A new “fluid biopsy” technique that could identify patients at very high risk of a heart attack by identifying specific cells as markers in the bloodstream has been developed by a group of researchers in the US.
The technique, which has been described today, 10 January, in IOP Publishing’s journal Physical Biology, works by identifying circulating endothelial cells (CECs) and has been successful in distinguishing patients undergoing treatment for a recent heart attack with a healthy control group.
The researchers, based at The Scripps Research Institute in California, believe the technique can now be tested on patients who exhibit symptoms but are yet to experience a heart attack, and believe it is a genuine candidate for clinical use, of which there is no predictive test—at least not of satisfying accuracy—currently available.
Co-author of the study Professor Peter Kuhn said: “The goal of this paper was to establish evidence that these circulating endothelial cells can be detected reliably in patients following a heart attack and do not exist in healthy controls, which we have achieved.”
“Our results were so significant relative to the healthy controls that the obvious next step is to assess the usefulness of the test in identifying patients during the early stages of a heart attack.”
Endothelial cells, which line the walls of the arteries, have been strongly linked to on-going heart attacks when circulating in the bloodstream and are thought to arrive there when diseased plaque builds up, ruptures and ulcerates, causing inflammation in the arteries.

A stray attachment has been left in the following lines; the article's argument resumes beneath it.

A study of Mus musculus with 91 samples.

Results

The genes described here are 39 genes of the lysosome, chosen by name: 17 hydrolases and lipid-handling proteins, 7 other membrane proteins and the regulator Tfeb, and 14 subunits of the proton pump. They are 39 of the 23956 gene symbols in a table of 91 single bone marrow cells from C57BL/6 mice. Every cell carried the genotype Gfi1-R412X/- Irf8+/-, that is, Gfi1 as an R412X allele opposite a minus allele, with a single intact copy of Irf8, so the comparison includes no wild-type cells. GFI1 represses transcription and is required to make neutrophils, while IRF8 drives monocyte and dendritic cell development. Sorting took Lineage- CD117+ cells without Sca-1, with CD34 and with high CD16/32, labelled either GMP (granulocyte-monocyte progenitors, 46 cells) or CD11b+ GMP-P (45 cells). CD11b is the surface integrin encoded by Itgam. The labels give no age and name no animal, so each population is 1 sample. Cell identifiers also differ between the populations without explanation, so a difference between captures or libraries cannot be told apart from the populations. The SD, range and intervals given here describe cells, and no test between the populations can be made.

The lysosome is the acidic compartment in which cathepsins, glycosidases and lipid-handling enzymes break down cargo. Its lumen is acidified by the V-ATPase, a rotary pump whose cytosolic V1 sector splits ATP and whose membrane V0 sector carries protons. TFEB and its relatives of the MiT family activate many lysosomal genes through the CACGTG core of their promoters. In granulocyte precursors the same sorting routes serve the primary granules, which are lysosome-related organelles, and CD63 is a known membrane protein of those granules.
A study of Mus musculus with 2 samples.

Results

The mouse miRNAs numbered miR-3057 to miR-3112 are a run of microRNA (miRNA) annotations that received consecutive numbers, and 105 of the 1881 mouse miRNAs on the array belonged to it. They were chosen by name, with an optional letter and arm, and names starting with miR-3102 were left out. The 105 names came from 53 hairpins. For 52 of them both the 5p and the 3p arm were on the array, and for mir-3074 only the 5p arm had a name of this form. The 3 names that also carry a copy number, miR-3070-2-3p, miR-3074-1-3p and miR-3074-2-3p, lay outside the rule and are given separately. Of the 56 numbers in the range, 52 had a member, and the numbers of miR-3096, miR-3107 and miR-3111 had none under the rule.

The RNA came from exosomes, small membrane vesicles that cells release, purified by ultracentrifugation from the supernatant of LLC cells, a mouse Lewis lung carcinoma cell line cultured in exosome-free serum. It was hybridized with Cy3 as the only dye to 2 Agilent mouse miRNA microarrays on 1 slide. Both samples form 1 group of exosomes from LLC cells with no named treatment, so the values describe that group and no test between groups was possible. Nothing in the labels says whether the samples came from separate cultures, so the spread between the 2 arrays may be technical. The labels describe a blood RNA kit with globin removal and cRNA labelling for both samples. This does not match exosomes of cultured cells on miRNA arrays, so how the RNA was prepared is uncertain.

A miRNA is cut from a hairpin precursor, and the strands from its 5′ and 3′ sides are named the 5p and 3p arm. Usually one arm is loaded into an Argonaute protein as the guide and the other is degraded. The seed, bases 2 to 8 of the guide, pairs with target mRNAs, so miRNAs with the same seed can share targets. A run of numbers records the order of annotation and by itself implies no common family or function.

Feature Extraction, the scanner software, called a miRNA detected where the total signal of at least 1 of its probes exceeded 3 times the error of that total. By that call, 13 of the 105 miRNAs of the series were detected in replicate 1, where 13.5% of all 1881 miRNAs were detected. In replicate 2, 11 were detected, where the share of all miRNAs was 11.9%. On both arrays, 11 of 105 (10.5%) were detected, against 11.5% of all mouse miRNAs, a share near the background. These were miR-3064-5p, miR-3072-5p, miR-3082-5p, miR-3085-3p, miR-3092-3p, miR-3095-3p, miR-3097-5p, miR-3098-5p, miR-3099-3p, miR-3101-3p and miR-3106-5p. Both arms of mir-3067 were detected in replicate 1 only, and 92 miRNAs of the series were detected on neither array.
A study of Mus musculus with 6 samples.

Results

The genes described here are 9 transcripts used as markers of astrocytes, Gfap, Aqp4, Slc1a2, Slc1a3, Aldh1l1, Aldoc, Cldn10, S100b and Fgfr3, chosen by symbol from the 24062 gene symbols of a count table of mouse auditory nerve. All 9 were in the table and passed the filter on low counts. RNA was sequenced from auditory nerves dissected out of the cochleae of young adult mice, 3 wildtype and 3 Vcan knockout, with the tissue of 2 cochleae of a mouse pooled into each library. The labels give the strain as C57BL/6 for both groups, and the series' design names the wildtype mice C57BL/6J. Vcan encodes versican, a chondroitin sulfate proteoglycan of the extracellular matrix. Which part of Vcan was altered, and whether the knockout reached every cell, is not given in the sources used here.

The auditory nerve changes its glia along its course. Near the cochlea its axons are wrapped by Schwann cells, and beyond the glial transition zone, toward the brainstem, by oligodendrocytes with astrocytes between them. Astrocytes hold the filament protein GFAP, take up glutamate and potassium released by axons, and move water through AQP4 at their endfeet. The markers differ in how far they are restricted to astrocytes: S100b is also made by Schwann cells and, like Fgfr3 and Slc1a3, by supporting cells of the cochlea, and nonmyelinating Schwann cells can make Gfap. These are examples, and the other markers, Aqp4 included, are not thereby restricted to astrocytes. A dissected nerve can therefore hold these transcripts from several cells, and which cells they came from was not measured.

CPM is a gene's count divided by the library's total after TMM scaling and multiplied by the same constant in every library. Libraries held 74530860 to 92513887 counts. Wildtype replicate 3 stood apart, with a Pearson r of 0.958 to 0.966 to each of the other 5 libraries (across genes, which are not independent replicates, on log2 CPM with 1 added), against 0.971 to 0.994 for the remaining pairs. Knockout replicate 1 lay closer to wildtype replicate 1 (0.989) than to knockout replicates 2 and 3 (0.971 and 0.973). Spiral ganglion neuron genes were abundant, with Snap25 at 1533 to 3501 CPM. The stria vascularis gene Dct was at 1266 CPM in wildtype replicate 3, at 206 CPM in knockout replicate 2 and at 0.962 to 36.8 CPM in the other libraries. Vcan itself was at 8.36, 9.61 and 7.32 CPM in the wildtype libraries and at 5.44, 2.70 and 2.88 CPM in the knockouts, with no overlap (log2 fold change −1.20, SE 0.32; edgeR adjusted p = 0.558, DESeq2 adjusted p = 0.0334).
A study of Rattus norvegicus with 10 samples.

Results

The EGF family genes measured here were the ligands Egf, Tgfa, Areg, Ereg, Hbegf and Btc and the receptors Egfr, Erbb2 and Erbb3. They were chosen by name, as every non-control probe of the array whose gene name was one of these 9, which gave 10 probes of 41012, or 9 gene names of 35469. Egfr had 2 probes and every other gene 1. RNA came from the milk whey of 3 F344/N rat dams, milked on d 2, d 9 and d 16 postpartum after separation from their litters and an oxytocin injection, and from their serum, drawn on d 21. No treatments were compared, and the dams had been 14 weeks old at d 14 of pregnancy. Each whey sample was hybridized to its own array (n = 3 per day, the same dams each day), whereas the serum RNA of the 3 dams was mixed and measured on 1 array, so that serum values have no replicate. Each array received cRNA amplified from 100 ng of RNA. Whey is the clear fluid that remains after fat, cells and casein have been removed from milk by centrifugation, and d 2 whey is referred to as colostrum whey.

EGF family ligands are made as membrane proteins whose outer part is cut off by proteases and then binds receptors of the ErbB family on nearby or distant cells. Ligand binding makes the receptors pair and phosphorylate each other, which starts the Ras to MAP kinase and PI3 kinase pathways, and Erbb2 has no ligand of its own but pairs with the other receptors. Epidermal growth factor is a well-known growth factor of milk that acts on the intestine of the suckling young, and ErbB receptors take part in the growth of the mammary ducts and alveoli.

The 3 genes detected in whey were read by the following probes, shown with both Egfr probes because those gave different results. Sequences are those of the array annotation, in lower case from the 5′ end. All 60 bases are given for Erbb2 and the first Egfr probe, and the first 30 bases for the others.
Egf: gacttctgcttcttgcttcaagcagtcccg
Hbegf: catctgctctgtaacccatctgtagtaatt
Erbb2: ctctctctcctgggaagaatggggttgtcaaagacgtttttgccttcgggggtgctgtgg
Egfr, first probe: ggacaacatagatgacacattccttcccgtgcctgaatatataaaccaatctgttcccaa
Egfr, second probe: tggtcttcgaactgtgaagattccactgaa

This damage can cause blood clots to form which prevent blood from flowing through the arteries and ultimately results in a heart attack.
As such, the researchers developed a procedure called the High-Definition Circulating Endothelial Cell (HD-CEC) assay to detect and characterise CECs in the blood samples of 79 patients who had experienced a heart attack at the time of sampling.
For comparison they also used the assay on two control groups, which consisted of 25 healthy patients and seven patients undergoing treatment for vascular disease.
The assay was able to identify CECs by their morphological features and their reactions with specific antibodies. The cells were shown to be significantly elevated in the heart attack patients compared to the healthy controls and were detected with high sensitivity and high specificity.
The researchers also compared their results with a commercially available test, called CellSearch®, which has previously been approved by the US Food and Drug Administration (FDA) to enumerate circulating tumour cells in cancer patients.
The HD-CEC test showed a higher specificity for CECs compared to CellSearch® because it used a direct analysis method and was free of bias from an enrichment stage.
“Our assay effectively analyses millions of cells, which is more work but guarantees that you are analysing all of the potential cells. With the enrichment stage in the CellSearch® methodology it is possible that the important cells you wish to study could be lost,” continued Professor Kuhn.